Former US Attorney General brings legal challenge against Iraq War officials

Reuters / Oleg Popov
Members of the Bush administration are being sued for their involvement in the Iraq War by an international team of lawyers, one of whom was former US Attorney General Ramsey Clark. The team was assembled by Sundus Saleh, an Iraqi single mother.

“The invasion resulted in the total destruction of a beautiful, peaceful country,” Saleh told Truthout. “The invasion didn’t destroy only the country’s infrastructure, buildings and heritage; it destroyed millions of families and their dreams.”


Former US Attorney General Ramsey Clark told Truthout that Saleh’s case represents a crucial struggle for anyone concerned with human rights.

The lawyers on the team are requesting that the US Court of Appeals hear Saleh’s claim that the US-led Iraq war was illegal under the international system of law created from the Nuremberg trials in the wake of World War II.

“Ms. Saleh alleges that the Iraq war constituted ‘aggression’ as defined by the Nuremberg trials in 1946,” Saleh’s lawyer, Inder Comar, told Truthout. “She is asking the Ninth Circuit to review the holdings of Nuremberg, which it can do, and to apply that law to the facts leading up to the war. She is convinced, as am I, that under Nuremberg, these officials broke domestic and international law in planning and waging the Iraq war.”

An additional amicus brief was filed by the Planethood Foundation, a nonprofit organization founded by Benjamin Ferencz, the last living prosecutor of the Nuremberg trials and advocate for international rule of law.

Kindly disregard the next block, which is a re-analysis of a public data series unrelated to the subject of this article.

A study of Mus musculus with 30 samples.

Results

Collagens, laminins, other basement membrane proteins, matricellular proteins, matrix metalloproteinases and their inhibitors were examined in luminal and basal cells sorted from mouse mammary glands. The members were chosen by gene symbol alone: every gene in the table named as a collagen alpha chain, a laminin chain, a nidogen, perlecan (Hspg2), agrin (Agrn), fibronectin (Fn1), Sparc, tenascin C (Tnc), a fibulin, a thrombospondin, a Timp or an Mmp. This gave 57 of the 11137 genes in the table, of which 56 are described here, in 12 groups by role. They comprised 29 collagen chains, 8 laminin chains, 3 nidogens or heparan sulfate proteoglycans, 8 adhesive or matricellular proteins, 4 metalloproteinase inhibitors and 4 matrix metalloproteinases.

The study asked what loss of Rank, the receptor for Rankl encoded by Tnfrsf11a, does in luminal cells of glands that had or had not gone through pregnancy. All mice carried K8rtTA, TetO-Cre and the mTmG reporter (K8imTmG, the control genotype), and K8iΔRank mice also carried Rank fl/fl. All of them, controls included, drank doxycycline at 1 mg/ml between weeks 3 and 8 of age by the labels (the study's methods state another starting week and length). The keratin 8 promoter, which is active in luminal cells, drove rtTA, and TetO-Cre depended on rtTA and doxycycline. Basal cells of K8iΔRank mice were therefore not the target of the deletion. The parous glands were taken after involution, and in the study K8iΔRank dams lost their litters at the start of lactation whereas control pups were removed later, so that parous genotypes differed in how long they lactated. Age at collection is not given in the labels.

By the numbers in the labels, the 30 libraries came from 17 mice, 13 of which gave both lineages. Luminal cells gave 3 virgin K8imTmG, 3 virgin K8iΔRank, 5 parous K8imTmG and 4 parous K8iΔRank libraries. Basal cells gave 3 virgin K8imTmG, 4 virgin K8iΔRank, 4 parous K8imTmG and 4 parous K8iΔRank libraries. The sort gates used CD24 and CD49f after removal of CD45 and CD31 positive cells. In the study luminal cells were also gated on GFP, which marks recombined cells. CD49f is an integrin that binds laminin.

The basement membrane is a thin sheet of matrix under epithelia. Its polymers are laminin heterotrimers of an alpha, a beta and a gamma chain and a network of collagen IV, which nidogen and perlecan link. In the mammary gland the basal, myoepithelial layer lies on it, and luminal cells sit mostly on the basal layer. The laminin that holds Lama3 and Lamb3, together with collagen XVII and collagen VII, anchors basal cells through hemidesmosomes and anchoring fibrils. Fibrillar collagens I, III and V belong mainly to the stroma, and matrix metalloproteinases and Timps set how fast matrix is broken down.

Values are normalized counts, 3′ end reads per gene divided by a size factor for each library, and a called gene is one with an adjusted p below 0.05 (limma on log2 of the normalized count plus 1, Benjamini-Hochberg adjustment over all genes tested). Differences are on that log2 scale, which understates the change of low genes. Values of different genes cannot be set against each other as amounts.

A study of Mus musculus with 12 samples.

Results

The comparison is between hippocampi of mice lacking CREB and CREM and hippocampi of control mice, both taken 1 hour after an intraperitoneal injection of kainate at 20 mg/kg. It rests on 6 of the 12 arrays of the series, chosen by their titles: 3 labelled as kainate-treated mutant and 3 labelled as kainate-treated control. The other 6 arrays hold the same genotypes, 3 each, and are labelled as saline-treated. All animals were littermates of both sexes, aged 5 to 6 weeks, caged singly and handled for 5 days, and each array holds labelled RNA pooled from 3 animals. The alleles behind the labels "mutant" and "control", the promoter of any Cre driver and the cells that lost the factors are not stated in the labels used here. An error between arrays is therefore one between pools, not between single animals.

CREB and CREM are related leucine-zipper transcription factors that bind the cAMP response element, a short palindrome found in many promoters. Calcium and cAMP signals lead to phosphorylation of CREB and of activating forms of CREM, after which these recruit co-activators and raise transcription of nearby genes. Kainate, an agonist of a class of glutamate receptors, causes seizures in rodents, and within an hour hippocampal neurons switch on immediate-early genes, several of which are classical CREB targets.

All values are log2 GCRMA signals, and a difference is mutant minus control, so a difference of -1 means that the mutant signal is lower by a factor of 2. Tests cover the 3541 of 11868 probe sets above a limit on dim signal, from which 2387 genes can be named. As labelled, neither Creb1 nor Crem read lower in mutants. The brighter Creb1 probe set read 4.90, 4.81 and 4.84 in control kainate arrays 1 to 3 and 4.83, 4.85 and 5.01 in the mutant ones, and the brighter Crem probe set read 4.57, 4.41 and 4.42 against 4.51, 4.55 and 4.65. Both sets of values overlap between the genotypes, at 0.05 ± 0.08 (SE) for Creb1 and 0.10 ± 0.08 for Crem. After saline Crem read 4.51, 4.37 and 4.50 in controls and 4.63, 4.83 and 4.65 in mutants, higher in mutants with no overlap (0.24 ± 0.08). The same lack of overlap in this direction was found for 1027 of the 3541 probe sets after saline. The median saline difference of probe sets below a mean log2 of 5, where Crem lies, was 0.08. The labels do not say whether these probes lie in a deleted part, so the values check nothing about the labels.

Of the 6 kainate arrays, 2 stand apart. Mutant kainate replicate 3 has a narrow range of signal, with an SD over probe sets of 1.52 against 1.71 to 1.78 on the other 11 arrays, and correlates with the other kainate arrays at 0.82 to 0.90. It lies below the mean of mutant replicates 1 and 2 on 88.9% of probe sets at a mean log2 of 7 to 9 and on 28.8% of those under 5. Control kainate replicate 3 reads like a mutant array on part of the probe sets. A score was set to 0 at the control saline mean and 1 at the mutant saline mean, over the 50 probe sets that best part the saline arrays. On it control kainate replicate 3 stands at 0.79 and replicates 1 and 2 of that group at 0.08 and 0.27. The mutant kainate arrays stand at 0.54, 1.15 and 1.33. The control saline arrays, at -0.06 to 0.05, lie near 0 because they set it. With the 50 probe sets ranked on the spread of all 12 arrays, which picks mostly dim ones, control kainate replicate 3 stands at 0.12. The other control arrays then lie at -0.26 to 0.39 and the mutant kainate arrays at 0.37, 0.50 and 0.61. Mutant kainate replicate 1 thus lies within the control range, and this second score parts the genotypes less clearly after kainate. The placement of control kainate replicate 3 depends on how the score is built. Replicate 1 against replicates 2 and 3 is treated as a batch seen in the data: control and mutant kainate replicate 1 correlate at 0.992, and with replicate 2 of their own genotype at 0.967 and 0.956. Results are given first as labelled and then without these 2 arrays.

Clark argues that the lawsuit is important for the US public and for the rule of law – the principle that the United States is based upon.

Saleh’s case asserts that the highest officials of the Bush administration – including former President Bush himself – waged a war of aggression when executing the Iraq War. It claims that they knowingly issued false statements that Iraq had weapons of mass destruction and ties to Al-Qaeda to manipulate the public into supporting the war.


Her lawyers are now requesting that the Court of Appeals for the Ninth Circuit overturn that ruling.

Aggressive war was declared as the “supreme international crime” during the Nuremberg trials that convicted the leaders of Nazi Germany for committing such crimes. Out of those trials, which were largely set up by the United States, came a set of international guidelines called the Nuremberg principles, which were created to determine what constitutes a war crime.

There have been numerous attempts to bring lawsuits against President Bush and members of his administration over the war. In September 2005, a German Court declared that the Iraq War violated international law.

In 2006, a criminal complaint was filed in Germany against senior officials, including former Defense Secretary Donald Rumsfeld and former CIA Director George Tenet, alleging war crimes. In 2014, the European Center for Constitutional and Human Rights lodged a criminal complaint against agency heads and high-ranking members of the Bush administration.